Taylor’s Glow Story

Written by Courtney Ingle

Taylor was a bright girl, right out of the gate. She was talkative, with an extensive vocabulary. She loved music, books, and dancing, and had all of our family wrapped around her finger… She was spoiled, and we were unashamed of it. 

And she had the most beautiful eyes. 

When Taylor was just one month over her 2nd birthday, I was changing her diaper and noticed a glow in her right eye. I thought for sure it was the reflection from the new ceiling fan in her room. At least, that’s what I kept telling myself as my anxiety-ridden Mama’s heart kept skipping beats. 

I saw it again the next evening. We were sitting at the table with my husband’s family at a restaurant. In the dim light of the restaurant, the glow could be seen. My husband told me he could see it, too.

A Google search named off all the possibilities: Cataracts. Glaucoma. Retinal detachment. Retinoblastoma, a pediatric cancer of the eye. 

My heart sank. I just knew it was retinoblastoma, without even having a diagnosis. I don’t know why it gripped me, but it did. Looking back, maybe it was God preparing me for the storm ahead.

On Monday, October 7th, 2019, we were at Crawford Eye Care in Ridgeland, Mississippi. Karmen Crawford confirmed what I had been fearing. There was a mass on Taylor’s retina.

Taylor was referred to the Mississippi Children’s Hospital for an eye exam under anesthesia the next day. The doctor came out and told us there was a tumor; it was malignant, and it appeared to have started spreading… The tumor had little seeds around it.

Within two hours, we were called and told Taylor would have appointments the next day at St. Jude Children’s Research Hospital in Memphis. 

The next morning, Taylor was under anesthesia again, this time at St. Jude’s. Dr. Matthew Wilson performed another EUA. We felt that the timing was absolutely God-directed; you don’t just get a world-renowned cancer specialist at your disposal on a random Wednesday. 

“Unfortunately, you have options,” he told us, as Taylor was in recovery. He explained that her tumor was graded a “D,” her retina was all but obliterated, and she was blind in that eye with no hope for restoring any vision. The seedlings could be headed for the optic nerve, which could then lead to the brain. Further testing would reveal whether or not that was the case. 

Dr. Wilson and Dr. Rachel Brennan walked us through the options. We could try chemotherapy. Eighteen months of chemo, laser, and cryotherapy to the eye would calcify the tumor and stop it from spreading. There would be side effects, of course, but they could be mitigated. Loss of hearing, loss of muscle tone in the face, and subsequent cancers were possible. If she didn’t respond as well as hoped, the eye would be enucleated.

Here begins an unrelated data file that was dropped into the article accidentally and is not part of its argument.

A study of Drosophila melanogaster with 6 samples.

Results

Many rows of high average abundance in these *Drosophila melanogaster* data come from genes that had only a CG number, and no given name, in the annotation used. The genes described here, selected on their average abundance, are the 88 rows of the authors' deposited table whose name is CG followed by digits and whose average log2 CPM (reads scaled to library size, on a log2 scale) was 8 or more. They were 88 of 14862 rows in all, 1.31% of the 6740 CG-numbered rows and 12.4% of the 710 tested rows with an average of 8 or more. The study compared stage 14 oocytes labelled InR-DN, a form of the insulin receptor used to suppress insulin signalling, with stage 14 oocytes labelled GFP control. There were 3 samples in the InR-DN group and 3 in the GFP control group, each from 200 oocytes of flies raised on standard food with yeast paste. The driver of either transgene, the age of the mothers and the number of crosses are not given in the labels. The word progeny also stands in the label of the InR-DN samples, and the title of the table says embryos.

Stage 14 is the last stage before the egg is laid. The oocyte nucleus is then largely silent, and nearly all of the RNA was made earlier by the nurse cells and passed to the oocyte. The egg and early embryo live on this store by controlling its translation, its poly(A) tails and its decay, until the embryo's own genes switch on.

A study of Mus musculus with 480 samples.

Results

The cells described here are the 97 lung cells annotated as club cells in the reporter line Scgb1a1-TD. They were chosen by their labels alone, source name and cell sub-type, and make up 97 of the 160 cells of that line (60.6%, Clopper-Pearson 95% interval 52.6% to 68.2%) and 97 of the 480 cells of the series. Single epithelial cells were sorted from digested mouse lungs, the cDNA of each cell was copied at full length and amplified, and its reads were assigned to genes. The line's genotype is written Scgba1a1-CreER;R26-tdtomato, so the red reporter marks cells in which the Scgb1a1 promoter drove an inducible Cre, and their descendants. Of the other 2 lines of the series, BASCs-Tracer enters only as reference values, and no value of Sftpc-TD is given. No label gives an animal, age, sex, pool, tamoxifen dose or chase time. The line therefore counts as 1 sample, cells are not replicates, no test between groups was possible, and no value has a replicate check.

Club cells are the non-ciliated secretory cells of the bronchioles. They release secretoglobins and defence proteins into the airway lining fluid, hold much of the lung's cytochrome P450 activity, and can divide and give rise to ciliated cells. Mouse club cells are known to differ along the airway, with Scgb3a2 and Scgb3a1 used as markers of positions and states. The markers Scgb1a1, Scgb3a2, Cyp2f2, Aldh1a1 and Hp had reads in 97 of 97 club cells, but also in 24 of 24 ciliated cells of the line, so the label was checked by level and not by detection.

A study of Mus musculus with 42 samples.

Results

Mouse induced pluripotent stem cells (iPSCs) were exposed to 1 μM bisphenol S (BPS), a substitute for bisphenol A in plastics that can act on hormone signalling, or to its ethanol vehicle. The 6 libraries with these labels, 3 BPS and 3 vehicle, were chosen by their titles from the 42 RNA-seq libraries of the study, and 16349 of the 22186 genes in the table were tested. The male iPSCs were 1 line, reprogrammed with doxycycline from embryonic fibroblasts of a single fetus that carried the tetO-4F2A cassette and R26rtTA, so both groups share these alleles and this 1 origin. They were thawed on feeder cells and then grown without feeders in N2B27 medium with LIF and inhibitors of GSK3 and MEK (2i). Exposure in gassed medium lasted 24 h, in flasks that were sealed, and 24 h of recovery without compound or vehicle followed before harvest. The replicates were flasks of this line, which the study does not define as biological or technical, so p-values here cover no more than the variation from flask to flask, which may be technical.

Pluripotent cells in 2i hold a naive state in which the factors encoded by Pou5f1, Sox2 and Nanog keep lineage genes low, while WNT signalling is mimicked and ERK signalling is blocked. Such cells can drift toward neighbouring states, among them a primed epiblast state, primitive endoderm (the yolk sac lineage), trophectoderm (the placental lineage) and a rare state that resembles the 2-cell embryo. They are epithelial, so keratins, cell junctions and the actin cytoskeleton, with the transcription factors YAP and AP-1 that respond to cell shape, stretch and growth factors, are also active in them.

Or, we could choose enucleation from the get-go. Assuming she didn’t carry the RB-1 gene, (which limits tumor suppression and could lead to bilateral retinoblastoma and potentially other subsequent cancers), removal of the eye could mean removal of the cancer. Of course, after surgery, they’d have to send off her eye and optic nerve and still wait to see if the cancer had spread beyond her eye. The genetic testing could take up to six months to reveal if she had the gene or not. 

It was an impossible choice.

We truly believe that other parents in the waiting room were God-sent to comfort us and guide us. One family was there, waiting for their daughter to wake up after treatment, and they told us, “you should do the surgery.” To them, the risk was too much to bear. They had fought against enucleation, unsuccessfully. 

When the MRI revealed that the tumor had not spread beyond the eyeball itself, we were ready. We chose for Taylor to have the enucleation. Taylor had suffered so much with the inconsistent schedules, the constant prodding, and the general icky feelings after anesthesia… and though she kept her usual playful spirit, we couldn’t justify going the chemo route to save an eye that would never have vision just to keep her physical eye. 

On October 16, 2019, less than two weeks after the nightmare began, Taylor was placed on an operating table. She had two eyes when I laid her down while she screamed through the gas mask. When she was given back to us, she had one eye. 

Two weeks later, on Halloween, we got the call that her optic nerve had been studied, and no cancer cells were found. She was cancer-free. 

This year, Taylor Scott will celebrate five years cancer-free, which is considered cured by the medical community. She is thriving in kindergarten. She won her school’s Student of the Month when kindness was the featured character trait. She’s mature, she’s loving, and she has beautiful eyes, though one is a prosthetic.

If you looked at her, you wouldn’t be able to tell she has monocular vision. Unless you were told, you wouldn’t know there’s anything about her that sets her apart from other kids physically. She is just like any other child.

But, she also isn’t. She’s a testament to God’s faithful love when the trials and tribulations come. She’s a testimony. Every milestone is a miracle. 

It is our hope that Taylor’s journey will also inspire others to watch for the glow in their child’s eye and follow their instincts, staying alert to those little messages to help guide them through.